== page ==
Income statements. These show the operating health of the
company. Revenues indicate how much wealth the company is
taking in over a period. Expenses show the cost of generating
those revenues and how the assets are being consumed to run
the business. Higher revenue growth versus expense growth,
particularly compared to industry averages, is a good sign.
Industry averages. Collect financial statistics for your supplier’s
industry to allow comparison. These should be the same
statistics you are creating below for comparability.
USING THE DATA
Use the balance sheet and income statement to calculate a
few basic statistics and ratios. The following will provide a good
Profitability. Compare the profitability of the company (net
after-tax income divided by net sales revenue). If the supplier is
profitable relative to its peers, it is a good indicator that assets are
well used, meeting industry norms for performance.
Return on equity (ROE). Divide net after-tax income by net
equity. Compare this to the industry average and to the last
three years of ROE for the company. ROE is a proxy for how
well management is using the resources of the company — the
better ROE relative to the industry, the more likely management is
Working capital. Working capital is found by subtracting current
liabilities from current assets. Working capital is an indicator of the
ability to make payments on time. If a supplier has positive working
capital, it can pay its bills. Generally, a company should have at
least three months of working capital to cover its monthly bills.
If the failure of the supplier won’t harm your organization’s
immediate health, consider using just these three statistics,
reviewing them annually. If a supplier shows signs of declining
financial health, reassess the risk level and potentially find another
supply partner that is more stable.
If, however, the supplier is important to your business operations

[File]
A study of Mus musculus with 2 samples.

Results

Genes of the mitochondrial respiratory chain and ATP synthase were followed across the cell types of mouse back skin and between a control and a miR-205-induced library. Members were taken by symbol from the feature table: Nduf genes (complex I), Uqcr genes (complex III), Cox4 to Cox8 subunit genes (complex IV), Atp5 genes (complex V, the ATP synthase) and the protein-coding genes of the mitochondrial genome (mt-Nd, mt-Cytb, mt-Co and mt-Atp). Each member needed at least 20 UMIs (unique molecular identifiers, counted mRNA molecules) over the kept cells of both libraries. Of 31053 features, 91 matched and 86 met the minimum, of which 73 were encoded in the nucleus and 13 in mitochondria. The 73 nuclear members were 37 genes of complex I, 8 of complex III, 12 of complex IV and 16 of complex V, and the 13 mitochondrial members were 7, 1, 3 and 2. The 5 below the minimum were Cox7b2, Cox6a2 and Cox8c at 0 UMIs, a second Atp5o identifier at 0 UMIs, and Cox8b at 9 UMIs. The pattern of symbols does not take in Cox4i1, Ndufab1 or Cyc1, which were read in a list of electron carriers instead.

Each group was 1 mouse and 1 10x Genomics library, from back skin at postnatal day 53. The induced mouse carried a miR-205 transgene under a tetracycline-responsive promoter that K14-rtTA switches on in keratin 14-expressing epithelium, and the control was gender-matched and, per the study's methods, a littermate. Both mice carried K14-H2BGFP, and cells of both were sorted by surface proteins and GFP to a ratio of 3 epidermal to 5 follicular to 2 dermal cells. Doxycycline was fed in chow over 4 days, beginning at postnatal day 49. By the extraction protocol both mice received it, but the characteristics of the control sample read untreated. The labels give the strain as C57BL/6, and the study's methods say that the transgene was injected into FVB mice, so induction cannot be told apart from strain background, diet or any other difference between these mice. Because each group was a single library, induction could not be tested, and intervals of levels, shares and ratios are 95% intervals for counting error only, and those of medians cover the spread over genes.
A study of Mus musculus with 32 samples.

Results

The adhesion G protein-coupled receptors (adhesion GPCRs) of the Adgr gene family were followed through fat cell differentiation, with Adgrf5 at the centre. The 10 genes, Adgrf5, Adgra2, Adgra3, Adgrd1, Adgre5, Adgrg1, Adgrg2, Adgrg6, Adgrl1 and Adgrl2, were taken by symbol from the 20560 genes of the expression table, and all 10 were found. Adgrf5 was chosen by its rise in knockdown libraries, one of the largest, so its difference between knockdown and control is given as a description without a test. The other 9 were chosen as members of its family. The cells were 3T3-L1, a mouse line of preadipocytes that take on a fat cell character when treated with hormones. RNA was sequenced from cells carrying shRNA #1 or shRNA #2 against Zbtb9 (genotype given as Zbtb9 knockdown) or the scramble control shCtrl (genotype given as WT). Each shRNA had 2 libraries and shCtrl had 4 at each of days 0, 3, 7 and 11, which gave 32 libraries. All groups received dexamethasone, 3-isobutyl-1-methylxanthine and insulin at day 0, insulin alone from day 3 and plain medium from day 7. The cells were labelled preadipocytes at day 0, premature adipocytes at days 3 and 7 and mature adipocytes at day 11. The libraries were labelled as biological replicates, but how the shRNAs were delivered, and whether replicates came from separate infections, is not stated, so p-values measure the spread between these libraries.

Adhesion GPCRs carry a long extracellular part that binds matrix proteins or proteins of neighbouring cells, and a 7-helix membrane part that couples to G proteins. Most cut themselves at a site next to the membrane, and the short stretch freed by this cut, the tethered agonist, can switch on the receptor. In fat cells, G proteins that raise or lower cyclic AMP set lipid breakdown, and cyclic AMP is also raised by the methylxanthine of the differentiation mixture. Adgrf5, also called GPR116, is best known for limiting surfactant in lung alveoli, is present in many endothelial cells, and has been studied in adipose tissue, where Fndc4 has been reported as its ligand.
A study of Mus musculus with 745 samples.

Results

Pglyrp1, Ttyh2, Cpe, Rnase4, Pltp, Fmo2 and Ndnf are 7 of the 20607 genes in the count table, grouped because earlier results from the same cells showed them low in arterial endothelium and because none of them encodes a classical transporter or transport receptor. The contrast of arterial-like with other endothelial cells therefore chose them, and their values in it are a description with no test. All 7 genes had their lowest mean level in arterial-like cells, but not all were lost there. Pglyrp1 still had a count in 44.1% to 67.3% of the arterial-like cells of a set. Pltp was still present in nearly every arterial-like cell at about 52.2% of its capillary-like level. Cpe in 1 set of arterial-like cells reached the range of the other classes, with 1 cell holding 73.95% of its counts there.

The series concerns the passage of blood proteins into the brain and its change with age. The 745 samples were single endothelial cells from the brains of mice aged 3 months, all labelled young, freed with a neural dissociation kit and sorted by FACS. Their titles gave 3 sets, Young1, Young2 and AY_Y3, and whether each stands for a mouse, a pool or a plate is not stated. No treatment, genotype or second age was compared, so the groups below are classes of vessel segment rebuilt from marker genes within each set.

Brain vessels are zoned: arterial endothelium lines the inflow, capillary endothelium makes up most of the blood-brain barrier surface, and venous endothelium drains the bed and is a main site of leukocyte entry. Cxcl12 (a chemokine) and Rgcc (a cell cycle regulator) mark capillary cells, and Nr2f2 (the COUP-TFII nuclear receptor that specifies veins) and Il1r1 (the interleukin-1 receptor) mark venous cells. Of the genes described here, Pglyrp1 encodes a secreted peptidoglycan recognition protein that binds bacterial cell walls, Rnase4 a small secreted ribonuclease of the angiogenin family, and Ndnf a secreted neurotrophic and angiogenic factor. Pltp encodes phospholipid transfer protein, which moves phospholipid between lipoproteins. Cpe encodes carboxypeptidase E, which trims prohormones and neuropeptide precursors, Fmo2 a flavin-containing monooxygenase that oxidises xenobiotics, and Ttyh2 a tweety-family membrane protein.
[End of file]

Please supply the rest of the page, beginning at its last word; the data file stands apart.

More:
and its failure would affect current operations, consider looking at
Free cash flow. Subtract capital expenditures for the year from
cash flow from operations for the year. This indicates how much
free cash the supplier has for investment and other purposes.
If this is negative, it could limit growth or the supplier’s ability to
respond to emergencies.
Debt-to-equity ratio. Divide total liability by owner’s equity. This
statistic will indicate the supplier’s reliance on creditors. If the ratio
appears high (for instance, if the ratio is more than 20 percent
higher than the industry average), check on the terms of the debt.
Discuss with the supplier how it plans to pay its debt over the
term of your contract.
Credit agency rating. Check the rating from Moody’s or another
rating agency. While not a guarantee of health, a credit agency
rating is a good indicator of the supplier’s ability to raise money
as required to respond to customer needs.
Audit findings. When your organization is highly dependent
upon a supplier for certain goods and services, it’s important
to obtain — and read — an audit of the supplier’s performance
completed by an independent auditor. If the supplier is a private
company, you may need to request an audit. If the supplier
pushes back, this could be a red flag, and you may need
to rethink your supply solution. The audit report should be
unqualified. Read the notes to find any issues, such as off-balance-sheet liabilities and outstanding legal concerns.
Interview with the supplier’s CFO. If the supplier is critical
to your supply chain, hire a specialized financial analyst and
consider interviewing the supplier’s CFO. The more critical the
supplier is, the more you need to know about the supplier’s
health and operating future. Any warning signs don’t necessarily
mean something’s wrong, only that the team should investigate
further to determine the nature of the risk. Call upon supply
management’s business insight to make the final contracting
Analyzing the right financial data and hiring experts when
necessary enables supply management to guide the creation
of financial risk insight as a part of assessing the future role of
a supplier. ISM
James T. Pearson, MPP, CDPM, is an instructor with the Procurement
Training Institute, which is part of the Office of Contracting and Procurement
within the government of the District of Columbia.